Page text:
Including the seizure of three financial institutions already reported on Friday, banking regulators closed down a total of five firms Friday. The Federal Deposit Insurance Corporation expects to lose nearly $700 million from the failures.
The slaughter started with Eastern Financial Florida Credit Union, which was closed down by the Florida Office of Financial Regulation. That was followed by the seizure of American Southern Bank by the Georgia Department of Banking and Finance and the closing of Michigan Heritage Bank by the Michigan Office of Financial and Insurance Regulation.
After the story about those three institutions was published, the California Department of Financial Institutions announced it closed First Bank of Beverly Hills in Calabasas, Calif., citing inadequate capital.
The department said it “has been closely monitoring the bank and had ordered it to increase its capital reserves to a safe and sound level. But efforts by the bank to do so were unsuccessful.”
The FDIC, which was appointed receiver, had issued a cease-and-desist order against the bank on Feb. 19. Deposits stood at $1 billion as of Dec. 31, 2008, and the FDIC said insured depositors will be paid out.
First Bank held $1.5 billion in assets — though it employed only 35 people. Residential loans accounted for $15 million of its assets, while commercial mortgage holdings were $678 million and construction-and-land-development loans were $148 million.
Losses from First Bank’s failure are expected to cost the FDIC $394 million.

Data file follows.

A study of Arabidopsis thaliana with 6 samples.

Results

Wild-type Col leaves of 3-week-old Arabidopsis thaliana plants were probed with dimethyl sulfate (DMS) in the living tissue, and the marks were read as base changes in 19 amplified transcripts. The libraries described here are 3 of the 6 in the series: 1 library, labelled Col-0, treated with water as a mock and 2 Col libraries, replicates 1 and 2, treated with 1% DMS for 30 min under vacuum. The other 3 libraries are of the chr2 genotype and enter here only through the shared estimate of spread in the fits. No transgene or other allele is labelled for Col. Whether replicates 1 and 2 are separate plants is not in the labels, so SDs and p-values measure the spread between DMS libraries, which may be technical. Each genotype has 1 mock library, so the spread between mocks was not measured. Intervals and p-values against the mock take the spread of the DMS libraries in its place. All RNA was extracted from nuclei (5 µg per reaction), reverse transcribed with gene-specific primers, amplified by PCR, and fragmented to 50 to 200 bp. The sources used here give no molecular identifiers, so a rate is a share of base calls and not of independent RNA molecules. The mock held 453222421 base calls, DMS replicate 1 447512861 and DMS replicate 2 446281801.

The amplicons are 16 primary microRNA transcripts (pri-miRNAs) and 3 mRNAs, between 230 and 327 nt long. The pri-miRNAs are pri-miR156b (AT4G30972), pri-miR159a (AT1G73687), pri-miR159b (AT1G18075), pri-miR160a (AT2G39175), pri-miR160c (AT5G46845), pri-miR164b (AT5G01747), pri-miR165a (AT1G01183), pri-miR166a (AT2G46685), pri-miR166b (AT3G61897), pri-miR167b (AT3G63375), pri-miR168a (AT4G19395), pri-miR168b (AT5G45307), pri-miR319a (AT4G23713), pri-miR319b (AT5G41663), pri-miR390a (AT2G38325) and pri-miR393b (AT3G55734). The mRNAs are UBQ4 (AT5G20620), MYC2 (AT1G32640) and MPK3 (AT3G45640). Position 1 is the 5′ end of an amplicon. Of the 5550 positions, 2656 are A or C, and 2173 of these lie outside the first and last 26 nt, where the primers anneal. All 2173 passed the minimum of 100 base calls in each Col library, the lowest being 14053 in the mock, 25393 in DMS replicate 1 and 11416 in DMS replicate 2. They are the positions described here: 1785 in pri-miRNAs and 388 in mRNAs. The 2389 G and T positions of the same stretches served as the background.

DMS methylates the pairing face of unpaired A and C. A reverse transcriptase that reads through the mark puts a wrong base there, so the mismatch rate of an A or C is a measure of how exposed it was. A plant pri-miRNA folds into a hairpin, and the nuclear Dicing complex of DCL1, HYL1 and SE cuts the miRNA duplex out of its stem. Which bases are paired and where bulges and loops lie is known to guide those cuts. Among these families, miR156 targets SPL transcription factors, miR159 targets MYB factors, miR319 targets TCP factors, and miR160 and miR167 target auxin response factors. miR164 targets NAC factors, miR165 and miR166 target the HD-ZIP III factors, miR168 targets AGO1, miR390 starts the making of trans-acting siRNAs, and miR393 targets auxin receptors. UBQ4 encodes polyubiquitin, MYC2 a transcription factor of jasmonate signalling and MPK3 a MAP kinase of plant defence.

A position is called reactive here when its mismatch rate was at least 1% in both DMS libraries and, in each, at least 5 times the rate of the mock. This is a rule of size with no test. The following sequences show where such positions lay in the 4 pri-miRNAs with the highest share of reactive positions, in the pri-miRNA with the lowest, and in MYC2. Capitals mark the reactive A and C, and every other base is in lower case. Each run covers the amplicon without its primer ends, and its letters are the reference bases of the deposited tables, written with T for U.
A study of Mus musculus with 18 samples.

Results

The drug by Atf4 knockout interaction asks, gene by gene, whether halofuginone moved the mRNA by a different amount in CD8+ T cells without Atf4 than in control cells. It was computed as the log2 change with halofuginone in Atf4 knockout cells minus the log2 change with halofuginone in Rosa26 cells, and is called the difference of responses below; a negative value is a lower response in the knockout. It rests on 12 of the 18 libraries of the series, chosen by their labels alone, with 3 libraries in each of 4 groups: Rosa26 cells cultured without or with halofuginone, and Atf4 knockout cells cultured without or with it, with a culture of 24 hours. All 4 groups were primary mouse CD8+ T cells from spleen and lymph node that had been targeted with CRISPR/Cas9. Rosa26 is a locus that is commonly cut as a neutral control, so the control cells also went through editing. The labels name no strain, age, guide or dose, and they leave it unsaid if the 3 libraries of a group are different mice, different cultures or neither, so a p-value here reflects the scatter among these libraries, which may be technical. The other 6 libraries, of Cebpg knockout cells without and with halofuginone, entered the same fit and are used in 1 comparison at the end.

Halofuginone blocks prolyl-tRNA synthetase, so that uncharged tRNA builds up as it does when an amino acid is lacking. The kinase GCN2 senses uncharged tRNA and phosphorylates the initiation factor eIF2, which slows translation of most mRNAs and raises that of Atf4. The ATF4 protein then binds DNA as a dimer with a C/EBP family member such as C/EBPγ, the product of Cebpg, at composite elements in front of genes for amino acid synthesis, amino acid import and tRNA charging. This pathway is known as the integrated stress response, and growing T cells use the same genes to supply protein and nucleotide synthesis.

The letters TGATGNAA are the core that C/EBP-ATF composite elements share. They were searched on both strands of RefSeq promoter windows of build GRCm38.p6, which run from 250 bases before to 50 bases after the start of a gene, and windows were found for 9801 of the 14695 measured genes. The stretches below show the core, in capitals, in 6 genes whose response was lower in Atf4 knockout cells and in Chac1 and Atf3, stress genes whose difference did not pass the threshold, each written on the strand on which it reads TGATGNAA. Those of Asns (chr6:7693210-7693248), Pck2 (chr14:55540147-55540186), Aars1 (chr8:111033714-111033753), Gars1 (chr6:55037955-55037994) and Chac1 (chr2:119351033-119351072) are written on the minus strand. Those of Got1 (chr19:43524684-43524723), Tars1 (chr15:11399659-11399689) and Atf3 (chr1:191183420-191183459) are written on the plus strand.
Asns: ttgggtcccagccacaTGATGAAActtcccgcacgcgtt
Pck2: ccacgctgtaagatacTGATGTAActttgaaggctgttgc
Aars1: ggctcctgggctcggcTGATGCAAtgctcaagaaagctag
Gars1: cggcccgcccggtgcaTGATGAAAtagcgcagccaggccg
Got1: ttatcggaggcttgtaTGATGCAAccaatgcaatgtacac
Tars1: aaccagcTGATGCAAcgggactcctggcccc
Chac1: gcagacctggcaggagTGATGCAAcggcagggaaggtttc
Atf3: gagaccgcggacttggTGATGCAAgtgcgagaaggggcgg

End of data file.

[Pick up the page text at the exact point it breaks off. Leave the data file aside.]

First Bank, established in 1979, was the 28th FDIC-insured failure this year.
No. 29 was First Bank of Idaho, FSB — which was closed by the Office of Thrift Supervision.
“The bank … was in unsound condition and unable to continue operating due to severe liquidity strains, deteriorating asset quality, negative earnings and declining capital,” the OTS explained in a statement. “The bank focused its business in resort communities where eroding economic conditions in the last year caused rising loan delinquencies and the need to significantly increase loan loss provisions.”
U.S. Bank will assume $374 million of the Ketchum, Idaho-based institution’s deposits for an 0.55 percent premium. But U.S. Bank isn’t acquiring another $113 million in brokered deposits.
Assets ended last year at $489 million, and U.S. Bank only agreed to purchase $18 million of the assets. Residential holdings were $116 million, commercial mortgage holdings were $112 million and construction-and-land-development loans holdings were $166 million.
The failure of First Bank of Idaho is expected to deplete the Deposit Insurance Fund by $191 million.
In all, the expected hit to the FDIC for all of Friday’s failures is $698 million.
First Bank of Idaho was founded in 1997, operated eight branches and employed 116 employees.
As part of research tied to the FraudBlogger Index, MortgageDaily.com identified last year’s bankruptcy and failure of Financial Mortgage Inc. The company’s owner, Vijay K. Taneja, was sentenced to 84 months in prison over $33 million in mortgage fraud losses at Franklin Bank, First Tennessee Bank, Wells Fargo Bank and EMC Mortgage Co.
Another failed company identified during research for the index was Triduanum Financial Inc. The owner of the company, Christopher Warren, claims he has originated $1 billion in fraudulent loans. Warren was captured at the Canadian border with $70,000 stuffed in his boots.
So far during 2009, MortgageDaily.com has tracked 62 mortgage-related closings and failures.
3 Fail, Big Commercial Lender on the Rocks
Three federally insured financial institutions failed today, and the third largest commercial mortgage servicer is on the verge of failing.